China Intrudes Into Philippine Territory
By Michaela del Callar
The number of Chinese vessels in the Bajo de Masinloc in the West Philippine Sea has gone down to three as of July 25, the Department of Foreign Affairs said on Friday.
From nearly a hundred in the past months, only two Chinese maritime surveillance ships and one fisheries and law enforcement command vessel were spotted outside the lagoon of Bajo de Masinloc or Scarborough Shoal off Zambales province during a Philippine Navy reconnaissance flight, DFA spokesman Raul Hernandez said.
No other vessels were monitored inside the shoal’s lagoon since Wednesday, said Hernandez in a press briefing.
“No more fishing vessels were seen inside the lagoon. Hopefully they don’t add some more ships there,” he said.
Bajo de Masinloc, a U-shaped rock formation with a sprawling lagoon teeming with rich maritime resources, has been at the center of a raging territorial dispute between the Philippines and China.
China, however, continues to block Philippines vessels from entering the sprawling lagoon with a net barrier held up by buoys from end to end, Hernandez said.
Bajo de Masinloc falls within the Philippines’ 200-nautical mile exclusive economic zone as provided by the United Nations Convention on the Law of the Sea (UNCLOS). However, China is asserting ownership over it on the basis of historical rights.
UNCLOS, the only existing international legal maritime treaty, gives coastal states the right to develop, explore and exploit areas up to 200-nautical miles from its shores — waters the U.N. treaty calls EEZ of a country like the Philippines.
The UN accord was signed by the Philippines, China and 162 other nations.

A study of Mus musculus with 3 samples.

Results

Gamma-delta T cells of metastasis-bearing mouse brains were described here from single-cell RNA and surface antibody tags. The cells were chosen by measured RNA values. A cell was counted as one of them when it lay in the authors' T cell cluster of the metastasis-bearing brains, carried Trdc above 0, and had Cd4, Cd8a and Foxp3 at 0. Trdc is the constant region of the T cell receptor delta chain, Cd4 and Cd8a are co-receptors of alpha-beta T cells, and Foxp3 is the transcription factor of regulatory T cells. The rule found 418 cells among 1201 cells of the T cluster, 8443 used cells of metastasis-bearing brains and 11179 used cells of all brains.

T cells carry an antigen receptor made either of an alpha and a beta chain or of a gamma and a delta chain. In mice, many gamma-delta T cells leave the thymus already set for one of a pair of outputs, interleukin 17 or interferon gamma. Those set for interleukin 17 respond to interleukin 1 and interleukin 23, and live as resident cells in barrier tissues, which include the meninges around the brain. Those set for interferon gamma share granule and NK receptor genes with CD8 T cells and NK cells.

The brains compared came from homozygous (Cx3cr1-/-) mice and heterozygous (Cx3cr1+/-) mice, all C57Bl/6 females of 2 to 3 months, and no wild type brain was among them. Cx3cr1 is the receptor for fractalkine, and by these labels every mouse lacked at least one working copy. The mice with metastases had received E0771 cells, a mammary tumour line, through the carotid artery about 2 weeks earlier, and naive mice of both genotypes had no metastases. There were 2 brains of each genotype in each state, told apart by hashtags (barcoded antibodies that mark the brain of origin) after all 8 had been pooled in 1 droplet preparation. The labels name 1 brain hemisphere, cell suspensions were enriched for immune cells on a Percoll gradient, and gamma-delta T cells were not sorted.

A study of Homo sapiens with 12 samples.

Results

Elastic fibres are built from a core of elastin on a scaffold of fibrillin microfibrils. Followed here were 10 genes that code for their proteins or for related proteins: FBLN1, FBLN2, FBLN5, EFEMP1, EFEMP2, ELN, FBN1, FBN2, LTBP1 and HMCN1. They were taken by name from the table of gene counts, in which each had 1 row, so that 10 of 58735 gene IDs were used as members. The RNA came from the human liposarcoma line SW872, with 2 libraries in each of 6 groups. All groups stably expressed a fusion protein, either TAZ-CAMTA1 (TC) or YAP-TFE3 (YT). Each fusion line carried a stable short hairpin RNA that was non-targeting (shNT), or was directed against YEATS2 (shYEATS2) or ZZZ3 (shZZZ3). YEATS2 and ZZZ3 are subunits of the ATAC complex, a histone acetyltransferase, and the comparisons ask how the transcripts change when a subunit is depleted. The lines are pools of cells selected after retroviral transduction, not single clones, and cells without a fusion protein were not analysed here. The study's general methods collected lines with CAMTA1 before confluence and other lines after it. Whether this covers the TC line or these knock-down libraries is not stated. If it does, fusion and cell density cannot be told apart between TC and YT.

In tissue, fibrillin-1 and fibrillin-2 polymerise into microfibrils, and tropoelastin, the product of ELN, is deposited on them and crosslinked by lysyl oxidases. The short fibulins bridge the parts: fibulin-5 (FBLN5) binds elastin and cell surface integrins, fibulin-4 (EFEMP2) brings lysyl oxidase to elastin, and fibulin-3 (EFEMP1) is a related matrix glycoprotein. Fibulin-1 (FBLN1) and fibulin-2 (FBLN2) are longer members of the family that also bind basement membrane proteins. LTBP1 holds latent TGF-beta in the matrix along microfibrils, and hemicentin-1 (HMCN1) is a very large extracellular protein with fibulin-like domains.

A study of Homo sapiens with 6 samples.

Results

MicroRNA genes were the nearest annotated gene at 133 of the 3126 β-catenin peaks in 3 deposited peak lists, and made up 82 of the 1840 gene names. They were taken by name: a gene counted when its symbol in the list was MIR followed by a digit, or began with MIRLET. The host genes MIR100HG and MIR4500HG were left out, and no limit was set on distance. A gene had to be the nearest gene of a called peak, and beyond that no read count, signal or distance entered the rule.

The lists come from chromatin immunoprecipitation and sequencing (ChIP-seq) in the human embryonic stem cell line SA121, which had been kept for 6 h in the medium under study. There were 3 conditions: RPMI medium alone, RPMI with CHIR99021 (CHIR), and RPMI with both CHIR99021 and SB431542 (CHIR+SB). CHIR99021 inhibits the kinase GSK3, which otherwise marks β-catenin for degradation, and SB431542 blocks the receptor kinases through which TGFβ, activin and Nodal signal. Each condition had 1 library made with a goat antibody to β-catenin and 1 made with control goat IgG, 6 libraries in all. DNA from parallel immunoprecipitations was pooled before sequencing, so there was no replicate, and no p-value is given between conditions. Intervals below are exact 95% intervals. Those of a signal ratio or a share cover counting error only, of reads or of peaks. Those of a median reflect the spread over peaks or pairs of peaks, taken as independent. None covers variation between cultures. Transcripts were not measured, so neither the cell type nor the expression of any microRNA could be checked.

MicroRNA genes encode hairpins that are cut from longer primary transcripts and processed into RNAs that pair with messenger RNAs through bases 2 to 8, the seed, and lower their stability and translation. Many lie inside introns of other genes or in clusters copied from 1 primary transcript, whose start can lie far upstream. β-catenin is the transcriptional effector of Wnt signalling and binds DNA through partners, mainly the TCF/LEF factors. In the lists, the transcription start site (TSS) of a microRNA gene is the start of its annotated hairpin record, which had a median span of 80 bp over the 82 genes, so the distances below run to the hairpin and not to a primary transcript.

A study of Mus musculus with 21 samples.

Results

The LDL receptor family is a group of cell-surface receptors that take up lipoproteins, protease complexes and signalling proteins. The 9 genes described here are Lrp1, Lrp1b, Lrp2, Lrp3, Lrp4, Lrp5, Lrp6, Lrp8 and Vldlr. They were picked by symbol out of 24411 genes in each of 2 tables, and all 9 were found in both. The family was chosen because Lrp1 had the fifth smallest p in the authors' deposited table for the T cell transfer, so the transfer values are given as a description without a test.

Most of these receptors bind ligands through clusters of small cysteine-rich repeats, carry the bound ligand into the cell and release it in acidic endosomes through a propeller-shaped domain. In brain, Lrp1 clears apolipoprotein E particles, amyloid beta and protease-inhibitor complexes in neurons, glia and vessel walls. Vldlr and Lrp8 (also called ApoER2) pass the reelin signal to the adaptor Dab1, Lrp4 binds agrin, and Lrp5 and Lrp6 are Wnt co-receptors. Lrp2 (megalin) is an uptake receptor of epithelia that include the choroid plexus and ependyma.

According to the DFA, an agreement was made in “good faith” between the two sides for the simultaneous pullout of all vessels inside the shoal last June 4.
Manila complied but China reneged on its commitment and has since continued to beef up its presence in the area. China also continued to defy Manila’s demand for it to remove its blockades at the shoal’s entrance.
The two Asian nations have been locked in a dangerous standoff at the shoal for more than three months that began on April 10 when ships from Beijing prevented Philippine authorities from accosting Chinese fishermen poaching in the area situated 124 nautical miles from Manila’s nearest coastal town of Masinloc, Zambales.
The standoff temporarily ended when President Benigno S. Aquino III ordered the withdrawal of the last two Philippine government vessels facing off with several Chinese ships on July 15 due to bad weather.
Philippine and Chinese diplomats have resolved to end the disputes peacefully as Manila reiterated its call on Beijing to respect Manila’s sovereignty over Bajo de Masinloc.
China also claims the disputed West Philippine Sea or South China Sea nearly in its entirety.
China and Taiwan are also involved in the disputes, which have long been feared as Asia’s next potential flashpoint for a major armed conflict.